Atrial fibrillation (AF) is one of the most common heart rhythm problems. In AF the electrical activity in the upper chambers of the heart (atria) become chaotic leading to an irregular heartbeat which is often rapid.
In the UK, AF affects up to 800,000 people, and is most common in those over 55 years of age and in those patients with high blood pressure or other types of heart problems.
Despite this, in some patients the cause of AF is not clear. When atrial activity is chaotic, blood flow through the heart can be reduced leading to stagnation and clot formation and as a result, patients with AF are at increased of risk of stroke. The risk of stroke can be reduced with blood thinning drugs (anticoagulants).
Atrial fibrillation presents itself in many different ways. The commonest symptoms are palpitations which are often rapid and irregular.
Patients may also feel:
In some patients, there are no symptoms and the discovery of AF is usually an incidental finding.
Atrial fibrillation is not usually life threatening, but can be uncomfortable and often needs treatment.
There are a number of different approaches to the treatment of atrial fibrillation which can to be tailored to your individual circumstances. All patients need an assessment of their stroke risk and placed on appropriate treatment as needed.
There are essentially three strategies to treat AF:
Medication to control the heart rate or rhythm may be the most suitable treatment for some patients. This may be in the form of regular, daily medication to prevent episodes or single doses to take when you have an attack to try and stop it.
In patients who are in AF all the time, a cardioversion, which is a small electrical shock across the heart under light general anesthesia, can restore the heart to a normal rhythm.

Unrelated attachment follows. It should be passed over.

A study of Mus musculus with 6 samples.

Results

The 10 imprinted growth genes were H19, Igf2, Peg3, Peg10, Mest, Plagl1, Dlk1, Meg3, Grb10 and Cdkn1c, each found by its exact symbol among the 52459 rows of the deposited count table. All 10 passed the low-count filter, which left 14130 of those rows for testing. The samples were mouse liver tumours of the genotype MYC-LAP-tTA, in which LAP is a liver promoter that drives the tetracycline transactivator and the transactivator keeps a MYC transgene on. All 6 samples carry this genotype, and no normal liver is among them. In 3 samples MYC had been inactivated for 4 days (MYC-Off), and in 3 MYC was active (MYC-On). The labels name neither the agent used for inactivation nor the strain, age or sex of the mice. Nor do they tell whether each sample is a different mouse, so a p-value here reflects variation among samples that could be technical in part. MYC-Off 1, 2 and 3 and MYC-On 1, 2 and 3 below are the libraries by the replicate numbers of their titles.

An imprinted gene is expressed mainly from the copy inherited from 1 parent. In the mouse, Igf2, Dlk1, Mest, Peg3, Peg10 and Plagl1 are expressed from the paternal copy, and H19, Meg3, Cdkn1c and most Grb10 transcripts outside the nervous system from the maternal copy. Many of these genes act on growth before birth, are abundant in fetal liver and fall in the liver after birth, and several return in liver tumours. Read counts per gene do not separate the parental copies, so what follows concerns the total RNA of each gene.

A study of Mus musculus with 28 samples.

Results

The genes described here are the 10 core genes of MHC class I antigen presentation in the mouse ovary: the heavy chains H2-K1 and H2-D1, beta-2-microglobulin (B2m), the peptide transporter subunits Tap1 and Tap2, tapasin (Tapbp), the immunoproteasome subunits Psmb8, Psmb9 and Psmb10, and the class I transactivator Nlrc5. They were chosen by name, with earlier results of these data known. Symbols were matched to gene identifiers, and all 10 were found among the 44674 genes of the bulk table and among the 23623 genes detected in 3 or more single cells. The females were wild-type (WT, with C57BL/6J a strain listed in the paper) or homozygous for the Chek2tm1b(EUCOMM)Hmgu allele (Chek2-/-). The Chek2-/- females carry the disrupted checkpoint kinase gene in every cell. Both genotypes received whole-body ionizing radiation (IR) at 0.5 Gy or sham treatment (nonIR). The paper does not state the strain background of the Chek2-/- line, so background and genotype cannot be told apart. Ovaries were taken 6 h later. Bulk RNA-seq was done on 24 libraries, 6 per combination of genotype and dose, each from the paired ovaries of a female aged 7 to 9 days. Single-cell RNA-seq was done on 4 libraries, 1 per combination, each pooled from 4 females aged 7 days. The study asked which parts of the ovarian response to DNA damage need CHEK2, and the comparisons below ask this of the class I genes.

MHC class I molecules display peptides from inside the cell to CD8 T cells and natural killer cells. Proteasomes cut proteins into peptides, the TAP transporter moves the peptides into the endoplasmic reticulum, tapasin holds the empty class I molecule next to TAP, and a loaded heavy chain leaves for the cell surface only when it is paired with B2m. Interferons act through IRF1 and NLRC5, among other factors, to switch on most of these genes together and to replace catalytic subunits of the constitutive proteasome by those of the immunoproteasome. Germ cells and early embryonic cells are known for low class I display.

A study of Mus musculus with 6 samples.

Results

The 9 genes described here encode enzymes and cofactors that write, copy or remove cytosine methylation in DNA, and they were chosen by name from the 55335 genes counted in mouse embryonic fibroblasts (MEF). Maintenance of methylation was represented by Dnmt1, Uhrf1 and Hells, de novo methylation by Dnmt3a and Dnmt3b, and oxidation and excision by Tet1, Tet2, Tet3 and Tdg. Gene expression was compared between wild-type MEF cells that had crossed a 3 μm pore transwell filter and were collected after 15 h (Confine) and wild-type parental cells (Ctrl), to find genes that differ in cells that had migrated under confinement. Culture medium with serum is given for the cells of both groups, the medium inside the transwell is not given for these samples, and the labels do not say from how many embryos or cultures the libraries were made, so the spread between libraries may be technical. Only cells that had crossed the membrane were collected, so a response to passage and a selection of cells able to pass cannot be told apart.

This can be quite a successful treatment in selected patients and restore patients to a better quality of life.
However, as it does not deal with the underlying cause, AF can return and although success rates can be good in the short to medium term, in the long term there is a chance that the AF may return.
Catheter ablation is a treatment option for patients who continue to have symptoms of atrial fibrillation despite medication or for those patients who do not wish to take regular medication or where the cardioversion has not been successful. Catheter ablation offers the prospect to improve quality of life and is potentially curative.
The procedure is invasive and involves the insertion of catheters, or fine wires, to the heart through the veins at the top of the leg. There are electrodes at the tip of the wires which detect electrical signals from different parts of the heart. Radio waves are used to create heat which destroys (ablates) the electrical signals that are responsible for triggering AF. These signals are usually located inside the pulmonary veins in the majority of patients and this technique is called pulmonary vein isolation.
Patients who have been in AF for a long time may need a more extensive ablation procedure to restore normal rhythm. Success rates of catheter ablation for paroxysmal AF are approximately 70-80% and often more than one procedure is required to achieve success. The success rates are less if you have been in atrial fibrillation for a long time. The procedure is associated with a low rate of risks but some of these can be serious, although these are very rare, so it is important that you are assessed by an atrial fibrillation specialist in this field.
The atrial fibrillation specialist here at the London Cardiac group are experts in the treatment of heart rhythm disorders and are highly trained to assess and treat all patients with atrial fibrillation.